Las Vegas Sun

November 24, 2017

Currently: 67° — Complete forecast

Governor diagnosed with early stage prostate cancer

Gov. Kenny Guinn announced this morning that he has been diagnosed with prostate cancer but said it would not affect his job or re-election campaign.

Guinn and his doctors said the cancer was caught early and was in the beginning stage.

"Due to the fact that I am the chief executive officer of the state, I wanted everyone to know," Guinn said. "It is absolutely not a problem for me. I don't have any symptoms."

Guinn's cancer was detected by his family doctor during a routine physical. Guinn then consulted urologist Dr. Ranjit Jain, who conducted 10 biopsies. The first nine biopsies found no sign of cancer. However, in the 10th biopsy five percent of the cells were determined to be cancerous, the doctor said.

"This is probably the very earliest stage we could ever find it," said Jain, who practices in Las Vegas.

The cancer was diagnosed June 21 and Guinn then sought a second opinion and underwent additional tests to determine if the cancer existed elsewhere. Doctors said Guinn has no signs of any other cancers, and that his cancer is localized to his prostate.

"Under the circumstances I think I'm blessed, and I hope it sends a good example for people to get checkups," Guinn said.

Guinn's family doctor, Sarah Smith, said Guinn, 65, is very healthy for his age. Guinn said his only previous serious health problem was appendicitis when he was in the eighth grade.

"I was more at risk with that appendectomy than I am today with modern science," Guinn said.

Guinn is now consulting with his wife, Dema, to determine which treatment options he will pursue. He could undergo surgery to remove the prostate, or he could submit to either of two types of radiation treatment.

The specialist, Jain, said Guinn would miss about three to five days of work if he opted for the surgery. When the doctor mentioned that possibility, Guinn said "two days," hinting that he expected his recovery from any treatment would be faster than average.

Guinn also said he does not expect to transfer power to Lt. Gov. Lorraine Hunt.

"No one's ever going to make me slow down," Guinn said.

Guinn said he will still call a special session of the state Legislature later this month. He will call lawmakers into session to discuss the medical malpractice crisis.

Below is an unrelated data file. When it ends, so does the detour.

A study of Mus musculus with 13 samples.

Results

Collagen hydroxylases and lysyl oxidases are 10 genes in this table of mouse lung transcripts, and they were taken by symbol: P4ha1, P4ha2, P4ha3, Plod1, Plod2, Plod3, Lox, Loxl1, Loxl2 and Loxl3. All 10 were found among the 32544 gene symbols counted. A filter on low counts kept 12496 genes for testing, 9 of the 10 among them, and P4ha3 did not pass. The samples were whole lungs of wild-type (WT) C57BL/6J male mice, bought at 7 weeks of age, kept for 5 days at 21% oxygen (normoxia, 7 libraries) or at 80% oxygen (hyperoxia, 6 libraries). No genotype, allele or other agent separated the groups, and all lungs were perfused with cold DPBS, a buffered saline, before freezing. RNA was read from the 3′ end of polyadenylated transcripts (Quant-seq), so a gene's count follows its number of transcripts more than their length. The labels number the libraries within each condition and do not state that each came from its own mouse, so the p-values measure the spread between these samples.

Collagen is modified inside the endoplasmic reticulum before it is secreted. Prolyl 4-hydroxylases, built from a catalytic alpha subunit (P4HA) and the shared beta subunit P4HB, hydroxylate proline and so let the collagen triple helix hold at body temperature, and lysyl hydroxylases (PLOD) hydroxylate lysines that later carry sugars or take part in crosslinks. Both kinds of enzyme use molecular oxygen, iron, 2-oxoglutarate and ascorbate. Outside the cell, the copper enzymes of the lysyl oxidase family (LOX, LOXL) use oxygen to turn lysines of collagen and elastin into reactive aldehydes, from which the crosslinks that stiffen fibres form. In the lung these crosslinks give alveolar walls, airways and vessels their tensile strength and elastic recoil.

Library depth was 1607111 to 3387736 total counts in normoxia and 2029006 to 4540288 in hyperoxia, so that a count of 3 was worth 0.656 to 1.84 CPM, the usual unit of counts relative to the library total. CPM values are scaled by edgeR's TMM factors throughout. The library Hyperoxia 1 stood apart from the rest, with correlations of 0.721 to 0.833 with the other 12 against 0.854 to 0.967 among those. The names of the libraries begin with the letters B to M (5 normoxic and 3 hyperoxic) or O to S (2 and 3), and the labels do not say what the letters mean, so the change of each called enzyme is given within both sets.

Guinn is running unopposed in the Republican primary. The leading Democratic candidate is state Sen. Joe Neal, D-North Las Vegas.

Neal said he was saddened by the news of Gov. Guinn's health problems.

"I'm sad to hear that the governor has prostate cancer," Neal said. "I hope he has caught it in time. You never want to wish somebody bad in a situation like that. I hope he survives it."

Neal said, however, that that news would not affect his campaign against Guinn.

"We will still talk about the issues," Neal said. "I will not speak ill of his health. But this will not alter my campaign strategy because we're talking about issues that affect the state."

State Sen. Terry Care, D-Las Vegas, the chairman of the Nevada Democratic Party, said it was to early to say what effect Guinn's announcement would have on this year's governor's race.

"Certainly we all wish him well," Care said. "It's not something you want to see anyone go through."

Prostate cancer is one of the most common cancers affecting men. More than 200,000 diagnoses are made each year nationwide and 40,000 men die each year from the disease.

Jain said someone with early detection has a 90 percent chance of being cured.

In October 1996, then-Gov. Bob Miller, with his wife, Sandy, at his side, held a news conference to announce that he had been diagnosed with prostate cancer.

Miller's physician, the late Elias Ghanem, had discovered the cancer during a routine examination.

A month later the then 51-year-old governor had successful surgery at Cedars Sinai Hospital in Los Angeles to remove his prostate gland and has been cancer free since then.

In 1998, then Las Vegas Mayor Jan L. Jones went through treatment for breast cancer, including chemotherapy, radiation and a lumpectomy. She was declared in remission and went on to run for governor that fall, losing to Guinn.

Sun reporters Steve Kanigher and Jeff German contributed to this story.